Life spans are growing greatly in the world. Advances in medicine and what it means to be healthy have enabled us to live longer, more prosperous lives. Clients of life insurance will be looking for a policy that will fill all of these years.
In fact, LIMRA data shows 75% of people in the United States died before they reached 65-years-old in 1900. Fast forward to 2010, and a full 70% of people died after age 65.
Data released by the World Health Organization (WHO) of life expectancy in 2012 by country reveals the 15 countries with the longest life spans.
Japan’s life expectancy remains the longest, as it has been for some years. WHO finds that the majority of health-related statistics in Japan continue to improve. This includes life expectancy and under-five mortality rate.
The United States’ life expectancy at birth is 79-years-old, just five years below Japan. This ranks the country at the 30th spot according to WHO’s data.
Despite the ranking, the US has experienced continuous elongation of life. From 1990 to 2012 alone, Americans’ life span increased four years, from 75 years of age to 79. Japan’s life span increased five years within the same time frame.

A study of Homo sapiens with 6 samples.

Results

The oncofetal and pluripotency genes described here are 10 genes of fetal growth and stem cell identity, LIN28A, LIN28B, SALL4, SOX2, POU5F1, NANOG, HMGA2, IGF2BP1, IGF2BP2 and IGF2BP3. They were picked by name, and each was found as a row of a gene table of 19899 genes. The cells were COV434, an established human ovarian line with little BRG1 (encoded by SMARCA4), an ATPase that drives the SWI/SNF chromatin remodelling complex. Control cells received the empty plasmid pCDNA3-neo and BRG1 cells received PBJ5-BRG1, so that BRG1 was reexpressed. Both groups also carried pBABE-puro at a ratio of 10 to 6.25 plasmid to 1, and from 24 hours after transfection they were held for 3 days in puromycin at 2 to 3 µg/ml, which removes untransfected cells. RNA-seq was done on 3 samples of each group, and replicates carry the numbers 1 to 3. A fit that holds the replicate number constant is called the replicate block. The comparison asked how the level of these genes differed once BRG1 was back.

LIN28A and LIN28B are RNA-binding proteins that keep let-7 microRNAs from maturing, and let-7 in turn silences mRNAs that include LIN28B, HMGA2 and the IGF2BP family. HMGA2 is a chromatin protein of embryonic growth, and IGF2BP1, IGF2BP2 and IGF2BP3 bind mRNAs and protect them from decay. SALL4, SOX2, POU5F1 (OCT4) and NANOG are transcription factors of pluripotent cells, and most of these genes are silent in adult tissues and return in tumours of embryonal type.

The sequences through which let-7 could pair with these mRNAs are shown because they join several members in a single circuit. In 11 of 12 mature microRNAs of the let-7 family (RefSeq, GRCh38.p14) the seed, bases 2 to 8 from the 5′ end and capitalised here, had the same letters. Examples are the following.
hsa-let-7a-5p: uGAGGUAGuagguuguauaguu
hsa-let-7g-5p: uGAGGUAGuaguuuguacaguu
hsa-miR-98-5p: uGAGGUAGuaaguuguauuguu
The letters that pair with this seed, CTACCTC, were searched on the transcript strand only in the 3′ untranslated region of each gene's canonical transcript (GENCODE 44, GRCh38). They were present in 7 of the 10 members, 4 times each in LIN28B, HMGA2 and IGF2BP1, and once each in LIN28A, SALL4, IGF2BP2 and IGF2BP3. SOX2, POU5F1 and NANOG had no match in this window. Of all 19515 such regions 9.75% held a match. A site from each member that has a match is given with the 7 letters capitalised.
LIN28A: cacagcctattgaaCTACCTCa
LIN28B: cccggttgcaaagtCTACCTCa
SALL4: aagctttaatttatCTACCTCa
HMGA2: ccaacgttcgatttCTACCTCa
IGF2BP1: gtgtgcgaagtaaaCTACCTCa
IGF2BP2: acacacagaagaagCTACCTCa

Interestingly, a longer life expectancy in the US has caused an adverse effect for the life insurance business. There are not as many consumers looking for these insurance policies as there once were. LIMRA finds that because life spans are longer, the urgency of getting life insurance has dissipated.
Total purchases of life insurance policies in 1960 were up to 83%. In 2010, this number had decreased to 70%. For individuals, the percentage has decreased from 72% to 44%.
This does not mean that life insurance is not needed, though. According to LIMRA’s ownership studies, 56% of 18- to 34-year-olds need more life insurance due to their age.
LIMRA also found that four in 10 households with children under 18 “say they would immediately have trouble meeting everyday living expenses if a primary wage earner died today.”
The consumers that are searching for life insurance are doing so out of want of protection.
“We continue to see consumers express more concern about living too long, or outliving their assets, rather than dying too soon,” said Kate Theroux, Assistant Vice President and Director of Public Relations at LIMRA.
For 75% of Generations X and Y, the highest concern is having enough money for a comfortable retirement.